What is the source of a woman’s dignity? Where does a young girl learn what it means to be a woman? The messages of contemporary culture often tell young girls that their value lies in external qualities, especially their physical appearance and attractiveness to men. This superficial and demeaning view frequently traps young women into trying to live up to a false image instead of growing into their own God-given identity and mission.
In his remarkable apostolic letter On the Dignity and Vocation of Women, Pope John Paul II presented an authentic vision of the dignity of women, based on the truth of God’s creation of humanity in his image. Women and men are equal in their dignity as persons but different in their gifts. John Paul II’s distinctive insight is captured in his phrase “the feminine genius.”
What is the feminine genius? It is the unique capacity women have to uphold the primacy of love in human life. Written into a woman’s physiology, even if she never physically carries a child, is “room for another” and an innate sensitivity to the goodness of the human person. Man, John Paul II taught, always stands in some sense outside the life process, learning a significant part of his role as son, husband, and father from woman. Woman, then, has a great service to render humanity as custodian of the person and of the family—some women as literal mothers, and all women as spiritual mothers, by seeing persons from the heart and bringing the truth about the human person to the fore wherever they work and serve.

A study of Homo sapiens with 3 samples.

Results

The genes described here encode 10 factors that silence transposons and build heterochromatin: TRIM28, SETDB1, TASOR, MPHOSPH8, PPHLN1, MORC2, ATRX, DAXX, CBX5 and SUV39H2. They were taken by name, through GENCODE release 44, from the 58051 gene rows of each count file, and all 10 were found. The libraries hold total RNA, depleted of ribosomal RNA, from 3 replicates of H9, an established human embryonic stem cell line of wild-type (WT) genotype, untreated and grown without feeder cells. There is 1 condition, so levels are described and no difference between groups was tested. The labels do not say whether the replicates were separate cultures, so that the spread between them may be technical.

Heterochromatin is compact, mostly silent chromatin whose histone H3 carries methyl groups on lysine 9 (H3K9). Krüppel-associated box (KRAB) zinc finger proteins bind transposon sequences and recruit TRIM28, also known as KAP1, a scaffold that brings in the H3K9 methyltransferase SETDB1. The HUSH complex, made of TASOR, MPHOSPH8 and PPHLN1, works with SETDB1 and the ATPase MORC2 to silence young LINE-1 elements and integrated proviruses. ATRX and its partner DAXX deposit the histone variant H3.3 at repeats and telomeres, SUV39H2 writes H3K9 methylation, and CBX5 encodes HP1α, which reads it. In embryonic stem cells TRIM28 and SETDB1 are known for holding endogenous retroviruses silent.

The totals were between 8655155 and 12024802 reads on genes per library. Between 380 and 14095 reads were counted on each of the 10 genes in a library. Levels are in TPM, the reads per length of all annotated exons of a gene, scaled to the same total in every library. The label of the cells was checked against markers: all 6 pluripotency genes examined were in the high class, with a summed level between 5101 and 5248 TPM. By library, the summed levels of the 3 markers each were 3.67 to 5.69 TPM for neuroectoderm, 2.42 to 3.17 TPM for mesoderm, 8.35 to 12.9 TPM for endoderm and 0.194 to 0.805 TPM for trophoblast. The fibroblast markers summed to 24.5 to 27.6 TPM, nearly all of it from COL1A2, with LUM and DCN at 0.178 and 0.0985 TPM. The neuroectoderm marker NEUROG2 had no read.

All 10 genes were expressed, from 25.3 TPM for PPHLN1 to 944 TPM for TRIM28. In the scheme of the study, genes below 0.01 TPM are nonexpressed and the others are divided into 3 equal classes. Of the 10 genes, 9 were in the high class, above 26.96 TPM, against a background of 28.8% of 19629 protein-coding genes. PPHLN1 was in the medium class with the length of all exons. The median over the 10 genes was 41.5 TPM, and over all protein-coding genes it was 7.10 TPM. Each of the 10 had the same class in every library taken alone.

Because of their unique charism, women have an irreplaceable contribution to make in human society and in the Church. Women of every age and vocation, even young girls, are called to bring their feminine originality to every sector of society—family, neighborhood, workplace, and parish.
The hour is coming, in fact has come, when the vocation of women is being acknowledged in its fullness, the hour in which women acquire in the world an influence, an effect and a power never hitherto achieved. That is why, at this moment when the human race is undergoing so deep a transformation, women imbued with a spirit of the Gospel can do so much to aid humanity in not falling.
—Closing message of the Second Vatican Council
In fact, woman has a genius all her own, which is vitally essential to both society and the Church. It is certainly not a question of comparing woman to man, since it is obvious that they have fundamental dimensions and values in common. However, in man and in woman these acquire different strengths, interests and emphases, and it is this very diversity which becomes a source of enrichment.—John Paul II, July 23, 1995
The goal of St. Catherine of Siena Academy is to develop the strengths, interests, and emphases inherent in women by forming young women who are secure in their identity as daughters of God, who cherish their feminine originality, and are well prepared for their God-given mission in the Church and society.